OUR ULTIMATE COVID BOOKING GUARANTEE. FIND OUT MORE
With more than 90 museums in San Diego, culture lovers have no shortage of spaces to explore. Culture Trip profiles the city’s best museums and institutions, from art centers to science exhibitions.
San Diego’s museums are a testament to its varied history, from its robust military presence to its arts acumen and wildlife research and preservation. They pay homage to California’s strengths and teach visitors about their local culture. The USS Midway Museum is aboard a historic aircraft carrier where visitors can learn about America’s veterans and the conflicts in which they fought, while the Birch Aquarium at Scripps offers a close-up look at the lively ocean life in the area. Then there’s Balboa Park, the central green space that houses more than 16 museums and is an epicenter of educational opportunity, fun and nature. These must-visit museums run the gamut from history, anthropology and aviation to marine life and everything in between.
Located in Balboa Park, the San Diego Natural History Museum grew out of the San Diego Society of Natural History, founded in 1874, making it Southern California’s oldest scientific institution and the third oldest west of the Mississippi. Commonly known as the Nat, it houses four floors of exhibition space, a 3D theater and approximately 9 million specimens in its research collection. Permanent displays include a replica of a prehistoric megalodon; the Foucault Pendulum, which provides visual proof of the Earth’s rotation; 200 unique animal skulls from the research collection; and the basement living lab where you can see snakes, bees, lizards, spiders and other creepy-crawlies that advance the museum’s mission of environmental education.
As the only anthropology museum in the region, the San Diego Museum of Man offers a diverse program, including cannibalism, beer history and humans’ relationships with animals. Its mission is to inspire connections by helping to understand the human experience better, and it accomplishes this goal through its hundreds of thousands of documented ethnographic objects, archaeological items and photographic images. Constructed for the 1915 Panama-California Exposition, the museum was designed by the famous architect Bertram Goodhue – it has Plateresque, Baroque, Churrigueresque and Rococo details and a unique Spanish Colonial exterior that hints at a Gothic influence, with inspiration from Spanish churches in Mexico. It has since become a San Diego landmark that showcases five permanent exhibitions on topics from Native Californians to ancient Egypt. It also has revolving special exhibits that feature artefacts from the museum’s collections and around the world.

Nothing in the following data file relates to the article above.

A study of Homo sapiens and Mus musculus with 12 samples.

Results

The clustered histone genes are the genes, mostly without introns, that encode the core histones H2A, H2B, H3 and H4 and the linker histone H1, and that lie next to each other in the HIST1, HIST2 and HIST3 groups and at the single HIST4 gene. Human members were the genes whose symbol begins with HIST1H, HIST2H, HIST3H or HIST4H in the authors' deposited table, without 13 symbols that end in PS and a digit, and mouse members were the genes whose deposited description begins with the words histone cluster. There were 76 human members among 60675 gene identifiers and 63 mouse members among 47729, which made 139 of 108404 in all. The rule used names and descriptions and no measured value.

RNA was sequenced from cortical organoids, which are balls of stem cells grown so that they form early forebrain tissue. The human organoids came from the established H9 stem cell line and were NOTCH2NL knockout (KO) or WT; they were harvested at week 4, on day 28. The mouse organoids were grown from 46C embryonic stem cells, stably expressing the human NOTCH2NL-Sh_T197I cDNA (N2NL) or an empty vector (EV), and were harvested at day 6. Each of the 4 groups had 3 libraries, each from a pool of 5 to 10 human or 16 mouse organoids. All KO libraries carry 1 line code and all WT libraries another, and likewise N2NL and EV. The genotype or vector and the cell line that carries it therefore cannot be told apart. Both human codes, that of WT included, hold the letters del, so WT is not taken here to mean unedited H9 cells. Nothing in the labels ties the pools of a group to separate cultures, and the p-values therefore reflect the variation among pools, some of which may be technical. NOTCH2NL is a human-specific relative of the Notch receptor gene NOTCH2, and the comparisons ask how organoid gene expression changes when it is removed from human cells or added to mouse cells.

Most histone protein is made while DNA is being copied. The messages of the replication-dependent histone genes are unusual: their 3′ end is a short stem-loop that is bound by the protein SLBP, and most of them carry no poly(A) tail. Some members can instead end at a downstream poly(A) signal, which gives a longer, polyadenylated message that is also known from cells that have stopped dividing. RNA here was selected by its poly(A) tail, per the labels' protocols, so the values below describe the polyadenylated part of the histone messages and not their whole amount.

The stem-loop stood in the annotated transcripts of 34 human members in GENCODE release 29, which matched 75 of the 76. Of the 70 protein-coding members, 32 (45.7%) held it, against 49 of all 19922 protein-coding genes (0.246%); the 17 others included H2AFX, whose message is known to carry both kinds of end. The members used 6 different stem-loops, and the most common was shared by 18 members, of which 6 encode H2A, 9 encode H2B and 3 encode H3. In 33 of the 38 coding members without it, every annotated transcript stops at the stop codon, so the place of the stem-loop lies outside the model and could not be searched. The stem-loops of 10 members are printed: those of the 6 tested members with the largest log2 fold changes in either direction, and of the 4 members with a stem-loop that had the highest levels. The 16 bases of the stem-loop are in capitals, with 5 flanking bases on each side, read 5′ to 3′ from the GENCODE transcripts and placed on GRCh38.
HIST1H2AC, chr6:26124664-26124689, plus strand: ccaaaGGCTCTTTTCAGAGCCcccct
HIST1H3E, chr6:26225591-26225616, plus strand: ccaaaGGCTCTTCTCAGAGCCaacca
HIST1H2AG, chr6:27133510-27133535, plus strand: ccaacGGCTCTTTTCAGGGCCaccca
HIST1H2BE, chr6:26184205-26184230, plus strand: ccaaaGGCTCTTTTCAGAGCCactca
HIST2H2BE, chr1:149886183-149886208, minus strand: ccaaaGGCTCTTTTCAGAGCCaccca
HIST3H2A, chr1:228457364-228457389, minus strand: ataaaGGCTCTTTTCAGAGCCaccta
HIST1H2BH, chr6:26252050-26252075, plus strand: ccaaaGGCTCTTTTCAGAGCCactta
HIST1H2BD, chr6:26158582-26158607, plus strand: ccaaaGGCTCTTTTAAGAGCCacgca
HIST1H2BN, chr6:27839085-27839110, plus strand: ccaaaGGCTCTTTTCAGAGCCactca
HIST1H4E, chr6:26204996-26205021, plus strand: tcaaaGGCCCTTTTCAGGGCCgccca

With a collection of more than 7,000 photographs by 850 photographers, including Margaret Bourke-White, Alfred Stieglitz and Ruth Bernhard, the Museum of Photographic Arts (MOPA) devotes itself entirely to the collection and preservation of photography, film and video, including its aesthetic movements and technological advancements. In particular, MOPA’s collection features a large selection of mid-20th-century Soviet Russian photography, social documentary photography and photojournalism. Since its foundation in 1983, the museum’s endeavors consistently address cultural, historical and social issues through its exhibitions and educational programs. In addition, the museum houses a state-of-the-art movie theater that often holds international film festivals.
Some people may have a grand piano in the living room or a guitar lying around, but what actually goes into making these instruments the vibrant playable pieces of art that they are? The National Association of Music Merchants, which founded the Museum of Making Music in 1998 “to showcase and celebrate the music products industry,” answers that question. Through the museum’s various exhibits, you will learn about the people who make the instruments and what they sound like when played by an expert. You can even play them yourself via interactive stations. The museum’s history begins in 1900 and chronologically explores themes such as the manufacturing, distribution and marketing of instruments. Permanent displays include hundreds of vintage instruments, audio and video clips – all organized chronologically. Twice a year, special exhibitions are displayed, offering a chance to experiment on technology that you don’t encounter every day, along with music presentations and workshops that showcase renowned international and national musicians as well as local talent.
Alex Wexelman contributed additional reporting to this article.